Michael Kominik
| Aviation Photography


September 20th, 2019

How a Canon lens made me buy a non-Canon camera

For a long time, I had been shooting with a DSLR camera. I was okay with a crop sensor and I used some full frame lenses. I thought that the next step for my photography would be a professional full frame DSLR camera, allowing me to keep using my full frame lenses in the future. In the meantime, my Canon EOS 450D (Rebel XSi) was serving so well that I had no reason to replace it. I just needed to carry my full frame lenses, eventhough smaller and lighter ones would do the same job on a crop sensor body. I didn’t know it, so I didn’t mind it.

Last year, a new lens was introduced by Canon. It was the EF-M 32 mm ƒ/1.4 and I really liked it. Unfortunately, this lens was not compatible with my Rebel. This was the moment when I started to regret my choice of the Canon system in 2008 a little. Mirrorless cameras have made a huge progress since then and so many lenses are now available from several manufacturers. Switching to mirrorless sounded so exciting. Naturally, I considered buying a camera like Canon EOS M50, compatible with my older lenses using an adapter. But there were just eight native lenses available, including the 32 mm. And the new RF lenses from Canon can’t be made compatible with EF-M bodies even using an adapter because the flange distance is too small. The 32 mm lens was clearly aimed at people who had already owned an EF-M body.

I have read every recent ILC camera review on my favourite photography website Cameralabs. I have compared each camera’s parameters carefully and started to really like the Fujifilm X system, which uses a special colour filter array in their X-Trans sensors. But when I tried Fujifilm XT-20 hands-on, I couldn’t appreciate its ergonomics and it was quite pricy, too. Then I came across a blog dedicated mainly to photographing with the Micro Four Thirds format. “Micro” in the name may suggest it’s somehow tiny but its crop factor is exactly two, practically meaning lenses are half the size of a full frame system. And the same lens mount is shared by several lens manufacturers, giving access to plenty of lenses without any adapter.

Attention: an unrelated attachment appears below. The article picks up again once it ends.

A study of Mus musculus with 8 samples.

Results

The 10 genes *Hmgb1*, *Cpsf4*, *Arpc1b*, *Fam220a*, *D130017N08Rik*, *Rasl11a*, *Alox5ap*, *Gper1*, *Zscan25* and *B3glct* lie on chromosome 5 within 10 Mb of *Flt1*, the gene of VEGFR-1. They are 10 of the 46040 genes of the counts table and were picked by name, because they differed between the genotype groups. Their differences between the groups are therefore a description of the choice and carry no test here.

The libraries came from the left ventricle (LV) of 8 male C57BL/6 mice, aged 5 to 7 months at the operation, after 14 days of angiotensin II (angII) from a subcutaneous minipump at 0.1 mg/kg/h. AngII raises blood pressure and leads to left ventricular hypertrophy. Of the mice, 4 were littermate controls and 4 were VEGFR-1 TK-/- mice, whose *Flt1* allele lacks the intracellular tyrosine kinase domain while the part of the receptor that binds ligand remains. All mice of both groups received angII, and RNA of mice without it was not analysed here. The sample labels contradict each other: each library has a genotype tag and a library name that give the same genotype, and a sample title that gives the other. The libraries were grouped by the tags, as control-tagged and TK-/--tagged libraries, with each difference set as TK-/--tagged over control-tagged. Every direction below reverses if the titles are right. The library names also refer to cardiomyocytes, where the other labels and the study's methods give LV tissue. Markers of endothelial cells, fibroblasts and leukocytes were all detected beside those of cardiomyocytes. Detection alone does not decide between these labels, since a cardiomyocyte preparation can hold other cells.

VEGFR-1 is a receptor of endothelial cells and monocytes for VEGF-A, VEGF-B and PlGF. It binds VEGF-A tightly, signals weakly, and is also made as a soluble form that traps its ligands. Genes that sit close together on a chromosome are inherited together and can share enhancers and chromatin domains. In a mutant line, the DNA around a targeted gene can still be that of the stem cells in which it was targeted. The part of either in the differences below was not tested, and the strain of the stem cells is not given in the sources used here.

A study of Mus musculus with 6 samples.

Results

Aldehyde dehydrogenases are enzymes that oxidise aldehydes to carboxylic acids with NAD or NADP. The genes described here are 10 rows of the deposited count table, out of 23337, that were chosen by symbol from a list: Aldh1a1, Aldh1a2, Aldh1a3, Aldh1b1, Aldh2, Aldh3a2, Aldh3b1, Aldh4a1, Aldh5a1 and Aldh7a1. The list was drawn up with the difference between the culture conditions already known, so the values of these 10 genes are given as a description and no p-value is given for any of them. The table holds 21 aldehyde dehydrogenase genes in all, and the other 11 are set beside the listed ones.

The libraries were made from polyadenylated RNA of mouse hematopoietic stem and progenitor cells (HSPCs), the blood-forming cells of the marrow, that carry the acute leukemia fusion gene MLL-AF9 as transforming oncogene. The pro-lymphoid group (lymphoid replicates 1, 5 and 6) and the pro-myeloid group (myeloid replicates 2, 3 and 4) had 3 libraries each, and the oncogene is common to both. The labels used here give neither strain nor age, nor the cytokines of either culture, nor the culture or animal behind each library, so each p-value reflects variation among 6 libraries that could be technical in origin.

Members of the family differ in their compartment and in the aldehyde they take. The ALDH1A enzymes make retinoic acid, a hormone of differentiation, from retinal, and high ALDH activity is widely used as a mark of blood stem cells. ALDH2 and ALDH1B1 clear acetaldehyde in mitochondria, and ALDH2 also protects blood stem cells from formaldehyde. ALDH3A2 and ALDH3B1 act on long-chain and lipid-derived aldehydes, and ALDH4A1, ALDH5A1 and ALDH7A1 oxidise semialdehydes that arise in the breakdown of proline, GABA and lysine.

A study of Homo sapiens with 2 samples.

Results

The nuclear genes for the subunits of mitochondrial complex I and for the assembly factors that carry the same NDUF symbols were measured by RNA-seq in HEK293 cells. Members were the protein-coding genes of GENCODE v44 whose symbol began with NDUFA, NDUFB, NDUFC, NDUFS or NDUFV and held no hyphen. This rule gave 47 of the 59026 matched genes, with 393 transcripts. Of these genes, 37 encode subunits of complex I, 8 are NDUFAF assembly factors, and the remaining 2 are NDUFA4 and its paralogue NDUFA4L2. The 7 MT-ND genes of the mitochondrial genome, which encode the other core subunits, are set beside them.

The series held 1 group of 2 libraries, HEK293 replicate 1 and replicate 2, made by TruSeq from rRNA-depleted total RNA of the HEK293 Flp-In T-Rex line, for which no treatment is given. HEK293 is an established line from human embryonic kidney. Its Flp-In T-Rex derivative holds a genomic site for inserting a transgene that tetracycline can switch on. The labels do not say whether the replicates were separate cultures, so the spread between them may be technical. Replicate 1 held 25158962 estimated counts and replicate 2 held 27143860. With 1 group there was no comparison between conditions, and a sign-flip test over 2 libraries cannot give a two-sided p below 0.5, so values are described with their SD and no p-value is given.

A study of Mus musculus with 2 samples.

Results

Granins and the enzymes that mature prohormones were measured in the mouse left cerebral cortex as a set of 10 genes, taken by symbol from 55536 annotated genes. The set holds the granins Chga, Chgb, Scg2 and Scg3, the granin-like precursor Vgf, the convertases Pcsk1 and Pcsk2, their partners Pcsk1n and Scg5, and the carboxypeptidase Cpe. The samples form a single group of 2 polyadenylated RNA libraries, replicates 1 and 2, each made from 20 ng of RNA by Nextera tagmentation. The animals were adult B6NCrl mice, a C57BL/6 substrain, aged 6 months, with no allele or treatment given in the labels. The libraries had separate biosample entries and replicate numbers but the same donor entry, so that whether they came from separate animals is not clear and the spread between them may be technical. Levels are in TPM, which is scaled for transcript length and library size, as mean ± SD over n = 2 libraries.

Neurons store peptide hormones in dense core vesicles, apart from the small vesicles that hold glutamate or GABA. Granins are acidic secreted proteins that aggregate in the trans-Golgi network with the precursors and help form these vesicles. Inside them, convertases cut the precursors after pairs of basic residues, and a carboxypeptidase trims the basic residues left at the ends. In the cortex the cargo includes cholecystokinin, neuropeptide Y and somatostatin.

Panasonic Lumix DMC-GX8 with tilted viewfinder

I was inclined initially to buy Panasonic Lumix DMC-G7, because it had a substantial grip, but I’ve found a great deal on Panasonic Lumix DMC-GX8 (above), which has a nice grip and also the in-body image stabilistation (IBIS). To see a comparison of the three systems side by side, I’ve created the following tables. I’ve included Canon EOS M50, Panasonic Lumix DMC-GX8 and also Canon EOS 250D, which has the same sensor as the M50 but also many more native lenses available without the need for an adapter.

item 35 mm eq. volume [cm3] mass [g] price (Q3 2019) [€]
Canon EOS M50   602 390 565
EF-M 15–45mm ƒ/3.5-6.3 IS STM 24–72 132 130 85 (in kit)
EF-M 55–200mm ƒ/4.5-6.3 IS STM 89–322 254 260 280
total   988 780 930
item 35 mm eq. volume [cm3] mass [g] price (Q3 2019) [€]
Canon 250D   794 449 530
EF-S 18–55 mm ƒ/4-5.6 IS STM 29–89 219 215 130 (in kit)
EF-S 55–250 mm ƒ/4-5.6 IS STM 89–403 427 375 290
total   1440 1039 950
item 35 mm eq. volume [cm3] mass [g] price (Q3 2019) [€]
Panasonic Lumix DMC-GX8   654 487 430
Lumix G Vario 12–60mm ƒ/3,5-5,6
24–120 243 210 370 (in kit)
Lumix G Vario 45–150mm ƒ/4-5.6 90–300 220 200 210
total   1117 897 1010

As you can see, these three kits have almost equal price. In terms of size and weight, the two mirrorless kits are better. A great feature of the GX8’s kit lens is the five times zoom range, while Canon kits offer a zoom range of three times with a kit lens. In addition, both the GX8 body and the kit lens are weather sealed. This is interesting because the price is currently the same as the Canon kits, which do not have the protection. But as an older model, GX8 is harder to find for sale. If you are interested in more features of the GX8, I recommend Gordon Laing’s review. Thanks for reading my first blog post and stay tuned for more updates via Twitter or Mastodon!